World Trade Recovery Reaches Its Limit

International trade volumes reached their pre-Covid-19 levels in 3Q20, just before many European countries went back into lockdown. But capacity constraints mean volumes won’t be able to rise much further when countries open up again, providing a headwind to the global recovery, and pushing inflation upwards.

A quick bounceback

Trade recovered quickly after the first lockdowns last year, helping to boost the recovery in world GDP growth. World trade volumes had just reached their January 2020 levels in 3Q20 when several European countries tightened lockdown restrictions once again.

Port throughput, which records the movement of empty containers as well as those containing goods, reached January 2020 levels by mid-2020. 

Trade volumes recovered before the second wave of the virus

Source: Macrobond 

Trade-in goods resumed growing in May, as restrictions were relaxed in China and other countries. Industrial production and household spending on consumer goods, both recovered quickly, boosting demand for imports. World trade’s resilient performance was very different to what was seen during the global financial crisis when it took almost a year more than GDP to reach its pre-crisis level.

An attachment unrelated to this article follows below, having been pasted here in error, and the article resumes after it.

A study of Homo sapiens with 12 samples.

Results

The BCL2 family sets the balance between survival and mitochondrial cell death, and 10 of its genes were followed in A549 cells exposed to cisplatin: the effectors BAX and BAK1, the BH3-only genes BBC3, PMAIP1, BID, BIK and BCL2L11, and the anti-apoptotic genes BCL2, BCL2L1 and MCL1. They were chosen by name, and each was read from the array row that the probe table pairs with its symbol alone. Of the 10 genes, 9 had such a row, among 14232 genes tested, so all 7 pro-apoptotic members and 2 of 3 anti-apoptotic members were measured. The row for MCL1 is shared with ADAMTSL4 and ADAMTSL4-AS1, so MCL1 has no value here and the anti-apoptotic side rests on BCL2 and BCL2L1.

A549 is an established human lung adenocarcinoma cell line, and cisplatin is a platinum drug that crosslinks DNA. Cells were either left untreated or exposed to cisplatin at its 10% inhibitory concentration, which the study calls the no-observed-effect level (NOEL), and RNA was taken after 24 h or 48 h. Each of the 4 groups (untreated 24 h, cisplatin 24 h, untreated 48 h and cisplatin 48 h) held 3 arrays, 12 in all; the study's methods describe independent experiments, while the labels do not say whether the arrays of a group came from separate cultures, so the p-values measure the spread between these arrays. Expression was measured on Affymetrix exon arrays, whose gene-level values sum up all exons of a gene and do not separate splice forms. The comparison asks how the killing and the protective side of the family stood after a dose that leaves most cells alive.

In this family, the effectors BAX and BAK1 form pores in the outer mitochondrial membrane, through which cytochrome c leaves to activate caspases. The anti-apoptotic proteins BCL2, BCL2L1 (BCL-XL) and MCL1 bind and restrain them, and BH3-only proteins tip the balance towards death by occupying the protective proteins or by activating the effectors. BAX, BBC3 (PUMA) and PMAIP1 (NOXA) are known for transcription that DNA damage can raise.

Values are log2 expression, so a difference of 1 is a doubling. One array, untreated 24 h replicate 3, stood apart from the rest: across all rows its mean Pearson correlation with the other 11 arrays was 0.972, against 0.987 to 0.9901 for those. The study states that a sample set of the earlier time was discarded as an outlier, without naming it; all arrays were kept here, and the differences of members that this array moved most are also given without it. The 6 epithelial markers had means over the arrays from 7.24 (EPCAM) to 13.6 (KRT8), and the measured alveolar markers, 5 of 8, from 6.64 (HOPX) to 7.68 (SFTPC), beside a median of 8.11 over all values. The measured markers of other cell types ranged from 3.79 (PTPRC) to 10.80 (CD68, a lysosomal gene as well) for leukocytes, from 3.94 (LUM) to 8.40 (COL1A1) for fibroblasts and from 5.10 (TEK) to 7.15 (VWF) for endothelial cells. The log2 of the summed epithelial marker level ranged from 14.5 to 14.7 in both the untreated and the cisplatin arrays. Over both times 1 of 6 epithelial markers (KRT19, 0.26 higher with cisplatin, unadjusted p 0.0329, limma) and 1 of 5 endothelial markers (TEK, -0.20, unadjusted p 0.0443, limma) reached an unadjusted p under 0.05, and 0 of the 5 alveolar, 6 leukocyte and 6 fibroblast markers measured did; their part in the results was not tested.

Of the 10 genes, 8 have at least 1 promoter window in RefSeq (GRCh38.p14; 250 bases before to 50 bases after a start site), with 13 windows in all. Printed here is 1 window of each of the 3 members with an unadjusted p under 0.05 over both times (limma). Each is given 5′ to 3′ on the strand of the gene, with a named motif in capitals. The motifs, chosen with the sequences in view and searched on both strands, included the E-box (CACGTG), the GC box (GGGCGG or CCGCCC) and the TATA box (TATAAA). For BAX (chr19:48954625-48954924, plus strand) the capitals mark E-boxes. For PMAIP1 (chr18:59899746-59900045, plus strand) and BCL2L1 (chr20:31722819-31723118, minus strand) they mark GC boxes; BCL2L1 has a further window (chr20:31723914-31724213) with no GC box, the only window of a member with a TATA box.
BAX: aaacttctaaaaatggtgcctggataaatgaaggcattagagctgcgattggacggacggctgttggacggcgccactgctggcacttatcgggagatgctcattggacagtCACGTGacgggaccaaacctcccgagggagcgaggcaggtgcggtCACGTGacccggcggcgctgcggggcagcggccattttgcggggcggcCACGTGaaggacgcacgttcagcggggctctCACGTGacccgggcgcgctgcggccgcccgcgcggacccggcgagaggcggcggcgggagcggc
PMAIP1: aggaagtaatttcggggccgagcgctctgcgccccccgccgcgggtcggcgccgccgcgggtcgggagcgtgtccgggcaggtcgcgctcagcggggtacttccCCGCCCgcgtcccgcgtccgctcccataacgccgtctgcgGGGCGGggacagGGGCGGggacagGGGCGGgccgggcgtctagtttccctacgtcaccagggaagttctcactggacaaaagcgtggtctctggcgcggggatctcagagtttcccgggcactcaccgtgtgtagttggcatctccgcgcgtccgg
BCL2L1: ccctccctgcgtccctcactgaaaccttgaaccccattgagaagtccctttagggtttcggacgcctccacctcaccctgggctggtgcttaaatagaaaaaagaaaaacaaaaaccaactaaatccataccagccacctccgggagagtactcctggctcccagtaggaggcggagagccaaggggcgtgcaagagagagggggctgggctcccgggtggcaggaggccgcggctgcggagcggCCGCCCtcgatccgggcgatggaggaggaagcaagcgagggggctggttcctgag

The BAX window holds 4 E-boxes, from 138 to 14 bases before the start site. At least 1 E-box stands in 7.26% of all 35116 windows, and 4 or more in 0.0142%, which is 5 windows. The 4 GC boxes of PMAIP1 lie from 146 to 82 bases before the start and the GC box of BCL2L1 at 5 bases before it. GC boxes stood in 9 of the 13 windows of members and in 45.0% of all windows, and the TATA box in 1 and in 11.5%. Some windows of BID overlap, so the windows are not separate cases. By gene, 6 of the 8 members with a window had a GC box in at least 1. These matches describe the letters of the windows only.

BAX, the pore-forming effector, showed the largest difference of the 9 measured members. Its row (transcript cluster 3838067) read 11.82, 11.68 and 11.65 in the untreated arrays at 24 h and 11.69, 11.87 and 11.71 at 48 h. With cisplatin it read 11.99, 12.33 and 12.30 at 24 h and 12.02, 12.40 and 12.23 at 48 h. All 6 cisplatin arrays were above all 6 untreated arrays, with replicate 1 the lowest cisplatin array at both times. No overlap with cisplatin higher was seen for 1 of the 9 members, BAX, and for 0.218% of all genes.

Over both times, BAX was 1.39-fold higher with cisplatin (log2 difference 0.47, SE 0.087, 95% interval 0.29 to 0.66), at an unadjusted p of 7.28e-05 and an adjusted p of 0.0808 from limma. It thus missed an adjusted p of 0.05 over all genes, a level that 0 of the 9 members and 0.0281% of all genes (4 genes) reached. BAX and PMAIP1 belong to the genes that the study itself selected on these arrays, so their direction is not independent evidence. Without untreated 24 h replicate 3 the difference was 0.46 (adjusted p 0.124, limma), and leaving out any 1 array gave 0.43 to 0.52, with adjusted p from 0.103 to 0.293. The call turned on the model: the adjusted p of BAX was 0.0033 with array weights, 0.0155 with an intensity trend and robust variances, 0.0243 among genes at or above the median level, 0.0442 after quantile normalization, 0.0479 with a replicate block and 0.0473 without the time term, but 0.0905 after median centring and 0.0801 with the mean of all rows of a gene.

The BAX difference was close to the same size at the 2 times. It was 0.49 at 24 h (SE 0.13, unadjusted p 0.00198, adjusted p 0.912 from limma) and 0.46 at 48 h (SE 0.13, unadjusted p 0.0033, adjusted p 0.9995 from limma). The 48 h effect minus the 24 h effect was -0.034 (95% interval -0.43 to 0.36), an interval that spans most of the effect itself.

World trade’s resilient performance was very different to what was seen during global financial crisis, when it took almost a year more than GDP to reach its pre-crisis level

This said, plummeting world trade volumes during the first wave of lockdowns was disruptive, with some lingering effects. Shipping liners reduced ocean freight capacity by canceling scheduled trips for some container ships and diverting others to China-US routes at the expense of China-Europe routes. The changes in ocean freight capacity have left containers stranded, creating acute shortages of empty containers. Airfreight capacity has dropped dramatically, forcing some goods to travel by sea.

The pressure on ocean freight capacity is causing prices to rise and shortages, even as countries have gone back into lockdown, reducing demand. Freight rates have risen sharply and shortages of materials and equipment which initially surfaced during the recovery from the first lockdown, have also returned. In December, eurozone manufacturing firms reported supplier delays and shortages.